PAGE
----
George M!Published: Monday, June 11, 2012 7:00 am By: James Cotter Source: The Times Herald Record
BY JAMES F. COTTER For the Times Herald-Record
ELMSFORD – To celebrate the upcoming Fourth of July, the Westchester Broadway Theatre is staging “George M!,” the musical about George M. Cohan (1878-1942), the “Yankee Doodle Dandy, born on the Fourth of July.” However, since the dinner-show closes on July 1st, you better see it in June to get into the flag-waving, tapping feet spirit.
At nine, George and his sister Josie joined their parents Jerry and Nellie as “The Four Cohans” on the vaudeville circuit. From ragtime to riches, from 1904 to 1920 he ruled Broadway with 50 musicals as writer, composer, director, producer and actor. “Give My Regards Broadway” sums up his lasting contribution to the American theater.
“George M!” employs the music and lyrics of Cohan himself as revised for the show by his daughter Mary, with book by Michael Stewart and John and Francine Pascal. With Joel Grey in the lead role, It opened on Broadway in 1968 at the Palace Theatre where it ran for 433 performances. Back in 1942, James Cagney won an Oscar for the film “Yankee Doodle Dandy.”
The Westchester revival is directed and choreographed by Richard Stafford with musical direction by Leo P. Carusone. It stars John Scherer in the title role, a red-white-and-blue dynamo who blares out the First World War hits, “Over There” and “You’re A Grand Old Flag,” declares New York City to be ‘My Home Town” and spells out “Harrigan” by beating out each syllable like a boxer. Scherer makes Cohan to be a driven song and dance man who as “The Man Who Owns Broadway” disowns it when actors go out on strike and he refuses to join or even deal with the union. He never recovers the glory of his halcyon days on the Great White Way.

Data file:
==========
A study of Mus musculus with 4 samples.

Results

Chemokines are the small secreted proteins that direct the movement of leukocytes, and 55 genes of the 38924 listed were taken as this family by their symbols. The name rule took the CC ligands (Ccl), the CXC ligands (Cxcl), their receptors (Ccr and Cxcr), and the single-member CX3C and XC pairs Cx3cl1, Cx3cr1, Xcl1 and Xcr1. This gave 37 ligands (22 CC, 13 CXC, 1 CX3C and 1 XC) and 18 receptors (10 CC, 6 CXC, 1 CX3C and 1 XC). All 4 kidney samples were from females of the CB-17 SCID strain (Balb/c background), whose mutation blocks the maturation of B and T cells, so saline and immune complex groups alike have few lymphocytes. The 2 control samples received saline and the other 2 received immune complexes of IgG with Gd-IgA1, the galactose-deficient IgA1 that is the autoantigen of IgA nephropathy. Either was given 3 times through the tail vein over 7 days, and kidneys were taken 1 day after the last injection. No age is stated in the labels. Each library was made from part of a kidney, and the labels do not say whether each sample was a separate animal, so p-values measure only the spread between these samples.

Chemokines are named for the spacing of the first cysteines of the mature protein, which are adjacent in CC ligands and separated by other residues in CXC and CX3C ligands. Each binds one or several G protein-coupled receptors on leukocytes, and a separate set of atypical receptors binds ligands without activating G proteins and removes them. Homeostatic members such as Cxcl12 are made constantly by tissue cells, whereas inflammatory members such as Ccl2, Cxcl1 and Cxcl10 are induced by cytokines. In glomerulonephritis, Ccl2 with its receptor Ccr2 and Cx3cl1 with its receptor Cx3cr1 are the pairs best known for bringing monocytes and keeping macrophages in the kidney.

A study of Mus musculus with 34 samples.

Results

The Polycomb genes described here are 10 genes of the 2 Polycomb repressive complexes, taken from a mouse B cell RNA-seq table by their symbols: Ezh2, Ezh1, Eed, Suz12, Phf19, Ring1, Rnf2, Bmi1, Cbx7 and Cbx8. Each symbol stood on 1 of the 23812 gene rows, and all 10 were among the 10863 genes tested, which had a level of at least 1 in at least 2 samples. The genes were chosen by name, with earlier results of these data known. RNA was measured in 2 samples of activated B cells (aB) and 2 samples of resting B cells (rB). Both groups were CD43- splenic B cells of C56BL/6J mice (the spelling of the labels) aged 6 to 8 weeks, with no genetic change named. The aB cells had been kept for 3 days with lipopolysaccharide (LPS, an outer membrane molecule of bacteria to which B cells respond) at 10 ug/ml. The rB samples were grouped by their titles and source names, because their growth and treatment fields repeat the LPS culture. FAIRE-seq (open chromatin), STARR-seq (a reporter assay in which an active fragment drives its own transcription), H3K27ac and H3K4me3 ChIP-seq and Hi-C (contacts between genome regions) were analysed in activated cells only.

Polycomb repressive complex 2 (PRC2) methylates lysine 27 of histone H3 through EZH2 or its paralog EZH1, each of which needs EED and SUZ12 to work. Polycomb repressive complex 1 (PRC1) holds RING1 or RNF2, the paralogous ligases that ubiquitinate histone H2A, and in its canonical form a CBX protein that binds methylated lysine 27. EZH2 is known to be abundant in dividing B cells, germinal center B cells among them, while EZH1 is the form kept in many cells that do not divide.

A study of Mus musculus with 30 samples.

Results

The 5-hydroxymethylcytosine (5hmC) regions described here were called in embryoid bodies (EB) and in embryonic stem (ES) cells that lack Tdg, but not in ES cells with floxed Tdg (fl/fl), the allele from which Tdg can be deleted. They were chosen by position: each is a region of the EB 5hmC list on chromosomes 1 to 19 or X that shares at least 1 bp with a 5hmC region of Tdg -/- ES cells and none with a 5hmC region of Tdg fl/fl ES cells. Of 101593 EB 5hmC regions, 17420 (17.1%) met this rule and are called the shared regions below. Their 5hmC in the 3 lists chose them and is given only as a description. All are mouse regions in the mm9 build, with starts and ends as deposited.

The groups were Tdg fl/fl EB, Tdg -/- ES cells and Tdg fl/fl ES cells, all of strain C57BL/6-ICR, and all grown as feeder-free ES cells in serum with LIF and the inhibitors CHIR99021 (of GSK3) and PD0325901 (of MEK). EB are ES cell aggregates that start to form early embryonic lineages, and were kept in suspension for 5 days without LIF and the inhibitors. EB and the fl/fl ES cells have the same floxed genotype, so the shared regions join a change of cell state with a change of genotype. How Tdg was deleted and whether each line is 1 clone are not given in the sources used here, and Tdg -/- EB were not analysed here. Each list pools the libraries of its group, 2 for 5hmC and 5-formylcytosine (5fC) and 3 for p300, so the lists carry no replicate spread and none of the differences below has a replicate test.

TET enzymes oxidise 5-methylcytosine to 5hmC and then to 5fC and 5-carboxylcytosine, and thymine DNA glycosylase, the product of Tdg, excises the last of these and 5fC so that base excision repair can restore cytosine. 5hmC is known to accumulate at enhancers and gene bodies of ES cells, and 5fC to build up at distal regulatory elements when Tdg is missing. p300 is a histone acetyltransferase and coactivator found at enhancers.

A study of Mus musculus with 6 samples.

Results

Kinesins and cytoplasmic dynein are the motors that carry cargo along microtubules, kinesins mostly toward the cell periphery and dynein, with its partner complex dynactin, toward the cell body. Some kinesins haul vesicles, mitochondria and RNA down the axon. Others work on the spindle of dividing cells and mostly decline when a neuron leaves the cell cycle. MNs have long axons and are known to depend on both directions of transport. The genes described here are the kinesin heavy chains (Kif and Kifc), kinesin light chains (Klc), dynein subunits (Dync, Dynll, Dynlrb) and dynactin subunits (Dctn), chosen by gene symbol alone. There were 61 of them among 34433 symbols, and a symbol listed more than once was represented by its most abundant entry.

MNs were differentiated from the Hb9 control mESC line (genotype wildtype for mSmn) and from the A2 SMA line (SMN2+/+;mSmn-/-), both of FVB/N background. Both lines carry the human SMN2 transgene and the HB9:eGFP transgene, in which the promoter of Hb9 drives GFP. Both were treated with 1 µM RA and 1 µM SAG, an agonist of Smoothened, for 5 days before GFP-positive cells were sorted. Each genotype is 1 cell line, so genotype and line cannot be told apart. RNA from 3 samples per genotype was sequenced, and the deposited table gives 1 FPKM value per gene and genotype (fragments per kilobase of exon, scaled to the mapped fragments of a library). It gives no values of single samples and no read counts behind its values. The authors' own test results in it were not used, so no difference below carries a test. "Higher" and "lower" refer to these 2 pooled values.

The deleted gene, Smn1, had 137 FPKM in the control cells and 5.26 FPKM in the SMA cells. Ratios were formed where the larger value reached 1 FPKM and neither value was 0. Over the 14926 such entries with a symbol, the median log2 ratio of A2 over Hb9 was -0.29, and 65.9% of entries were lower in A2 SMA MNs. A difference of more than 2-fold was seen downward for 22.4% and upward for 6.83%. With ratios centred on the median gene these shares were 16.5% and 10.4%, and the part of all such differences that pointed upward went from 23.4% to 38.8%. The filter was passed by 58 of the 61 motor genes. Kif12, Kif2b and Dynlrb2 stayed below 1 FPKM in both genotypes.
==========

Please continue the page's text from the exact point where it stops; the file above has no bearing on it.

As George’s father Jerry, Jim Walton sets the tone for the musical with “Always Leave Them Laughing” and with Melodie Wolford as George’s mother Nellie, joins as husband and wife to sing “Musical Moon.” (Melodie really lives up to her name.) Amanda Trusty is George’s sister Josie who has her own solo with “Oh You Wonderful Boy.” From “All Aboard for Broadway” to Times Square itself, the Four Cohans are together in the numbers that follow until, much to George’s chagrin, Josie marries and leaves the company. As George’s first wife Ethel, Laura Schutter announces “I Was Born in Virginia” and joins the family to sing “Twentieth Century Love” and “Popularity.” She also angers George by divorcing him since he has no time to spend with her off stage. Jeanette Minson is Agnes, who becomes George’s second wife, introducing herself with “Billie” and remaining at his side to the end as her “Yankee Doodle Dandy.”
As Fay Templeton, a musical star of the era, Katharine Heaton resists George’s attempts to have her become part of his company, but his songs win her over. Her rendition of “Mary’s a Grand Old Name” is a show stopper, and she lends her fine soprano to the hit songs that make up the second act. George’s partner Sam Harris is played by Gary Lynch as a savvy businessman who knows how to let George have his way with “All Our Friends.” The ensemble of a dozen singers and dancers support the cast of eight principals for lively, colorful turn of the last century scenes supported by a spirited orchestra of seven players.
Set design by John Farrell employs a decorated proscenium that is mobile, simple and effective, made all the more so with the brilliant lighting by Andrew Gmoser Costume designer Leon Dobkowski has done wonders with pastel skirts and dresses for the ladies, complete with fancy hats and parasols, and for the men dashing uniforms, formalwear, classy suits and George’s walking stick.